Adobe Photoshop CC 2017: Select and Mask technique tutorial
Photographers with the Creative Cloud subscription for Adobe Photoshop anticipate, and sometimes dread, the big new-name version releases that Adobe engineers have prepared. With the Photoshop CC 2017 release, both camps seem to have found something to discuss.
Only two additions in the new release are truly important for photographers familiar with Photoshop. And one of these, Select and Mask, discussed in detail in the tutorial below, has become the subject of considerable controversy. (Don’t worry, I have a solution for you.) The other addition, which can be quite useful, is the ability to adjust each eye independently when using Liquify > Face-Aware Liquify > Eyes. Other changes in the 2017 release, such as the new search panel (cmd/ctrl+F), the design and Adobe Stock templates, support for SVG Open Type fonts, and new Creative Cloud Libraries capabilities seem more aimed for new users and designers.
The major new feature, Select and Mask, is introduced as the replacement for the Refine Edge panel. Select and Mask is designed to provide “the same functionality as Refine Edge in a streamlined way,” according to Adobe. With each new tool or set of tools that Adobe introduces, particularly if we lose a tool with which we are familiar, there are bound to be issues. So let’s take a look at how we should be using Select and Mask before forming any conclusions.
There are a number of ways to open the Select and Mask taskspace: choose Select > Select and Mask…; select any selection tool and click the Select and Mask… button in the Options bar; if there is a layer mask on the layer, click Select and Mask… in the Properties panel of the layer mask; or, press cmd+opt+R (Mac) or ctrl+alt+R (Windows).
Within the Select and Mask taskspace there are several familiar Photoshop selection tools available: Quick Selection (the topmost icon) as well as the Lasso and Polygonal Lasso tools nested together in the fourth icon down. One of the advantages of the Select and Mask taskspace is having these tools readily available together. Use the appropriate selection tool to make a selection. I used the Quick Selection to roughly outline the dogs. Pressing the opt/alt key with Quick Selection active switches from adding to the selection to subtracting from the selection.
When you’ve made a rough selection, it’s time to go to the Properties panel to adjust the mask. Use one of the view modes to see the result of the rough mask and adjust the mask opacity with the Opacity slider. You can press the X key to disable all of the view modes and see the original image.
Now use the Radius slider in the Edge Detection subpanel to choose a selection border radius to use for the Refine Edge brush, the second icon down in the Tool panel. A small radius is best for sharp edges, like the edge of clothing, and a wider radius for soft edges, like hair. If your image has both sharp and soft edges, select Smart Radius, and Select and Mask will use the appropriate setting for each. Using the Refine Edge brush to brush around the edges. I used a radius of 30 around the dogs with Smart Edges off. Use the J key or click Show Edge to see the refined edge.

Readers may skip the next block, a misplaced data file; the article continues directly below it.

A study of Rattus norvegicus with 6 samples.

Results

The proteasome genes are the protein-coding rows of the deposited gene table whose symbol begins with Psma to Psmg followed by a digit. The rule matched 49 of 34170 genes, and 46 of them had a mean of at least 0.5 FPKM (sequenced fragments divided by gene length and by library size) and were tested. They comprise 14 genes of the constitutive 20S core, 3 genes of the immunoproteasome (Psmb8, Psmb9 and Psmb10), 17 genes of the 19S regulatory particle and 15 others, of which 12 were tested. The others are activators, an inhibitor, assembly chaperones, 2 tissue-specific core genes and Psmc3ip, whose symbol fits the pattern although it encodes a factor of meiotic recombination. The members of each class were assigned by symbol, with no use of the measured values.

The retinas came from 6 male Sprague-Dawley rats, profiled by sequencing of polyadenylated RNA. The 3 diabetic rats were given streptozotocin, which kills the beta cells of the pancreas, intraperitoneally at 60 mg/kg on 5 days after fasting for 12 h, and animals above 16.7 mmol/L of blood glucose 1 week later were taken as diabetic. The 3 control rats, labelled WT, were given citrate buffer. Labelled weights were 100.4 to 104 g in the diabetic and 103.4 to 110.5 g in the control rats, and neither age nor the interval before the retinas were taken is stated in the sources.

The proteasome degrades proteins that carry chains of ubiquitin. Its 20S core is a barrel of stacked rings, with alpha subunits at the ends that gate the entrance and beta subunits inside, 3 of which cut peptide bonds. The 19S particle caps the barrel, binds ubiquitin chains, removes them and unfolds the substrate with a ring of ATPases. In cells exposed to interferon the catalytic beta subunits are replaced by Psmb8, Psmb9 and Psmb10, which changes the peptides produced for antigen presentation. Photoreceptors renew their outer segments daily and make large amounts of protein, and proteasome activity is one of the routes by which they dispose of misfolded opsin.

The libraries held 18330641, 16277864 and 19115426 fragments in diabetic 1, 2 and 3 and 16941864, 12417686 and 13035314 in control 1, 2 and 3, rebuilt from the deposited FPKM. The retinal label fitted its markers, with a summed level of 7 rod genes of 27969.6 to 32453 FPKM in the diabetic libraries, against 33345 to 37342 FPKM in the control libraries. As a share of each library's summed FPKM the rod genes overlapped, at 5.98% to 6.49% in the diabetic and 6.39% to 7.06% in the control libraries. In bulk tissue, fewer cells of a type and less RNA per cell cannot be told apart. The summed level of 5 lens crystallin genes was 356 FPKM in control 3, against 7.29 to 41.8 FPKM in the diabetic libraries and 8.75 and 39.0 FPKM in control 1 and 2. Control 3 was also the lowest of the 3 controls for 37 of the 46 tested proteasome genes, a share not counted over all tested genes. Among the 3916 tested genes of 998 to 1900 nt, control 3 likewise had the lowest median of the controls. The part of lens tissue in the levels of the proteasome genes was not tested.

When you've completed brushing the edges, select a different view mode and zoom into the image using the Zoom tool or Zoom In shortcut (cmd/ctrl++). I put the dogs on white and found some areas that needed some touchup. The Brush tool, the third icon down in the toolbar, is the tool to use. It acts the same way as brushing black or white onto a layer mask. You can navigate quickly around the window by pressing the H + left mouse button to activate Birds Eye View.
Once your mask edge is looking good, it’s time to make refinements to the edge. The Global Refinements subpanel includes sliders for smoothing, feathering, contrast, and shifting the edge in or out. I used a low setting for all of these in hopes of preserving as much of the dogs’ fur as possible.
Finally, use the Output Settings subpanel as you did in Refine Edge. The Decontaminate Colors checkbox replaces any color fringing with the color of fully selected nearby pixels. And then decide how you want the final image output. I almost always use New Layer with Layer Mask. Click the OK button, and you’re done.
Back in Photoshop, add a new layer filled with color, or composite the image into your background. As with any masking in Photoshop, you're likely to need to perform some additional work on the layer mask to clean things up a bit.
As you can see from the before and after, Select and Mask does a reasonable job of masking. Is it as good as the Refine Edge tool that it replaces? I have included the same image masked using Refine Edge for you to judge for yourself.
Here’s one final trick. Frustrated with Select and Mask and sure that Refine Edge would have done a better job? Then make your initial selection in Photoshop and click the layer mask icon to change the selection to a layer mask. Then go to the Select menu. Hold down the Shift key, scroll down the menu and click on Select and Mask. The Refine Edge window opens. There’s no guarantee on how long this undocumented technique will be included in Photoshop, but hopefully long enough for the Adobe engineers to improve Select and Mask to clean up some shortcomings.
Stan Sholik is a commercial and advertising photographer in Santa Ana, California.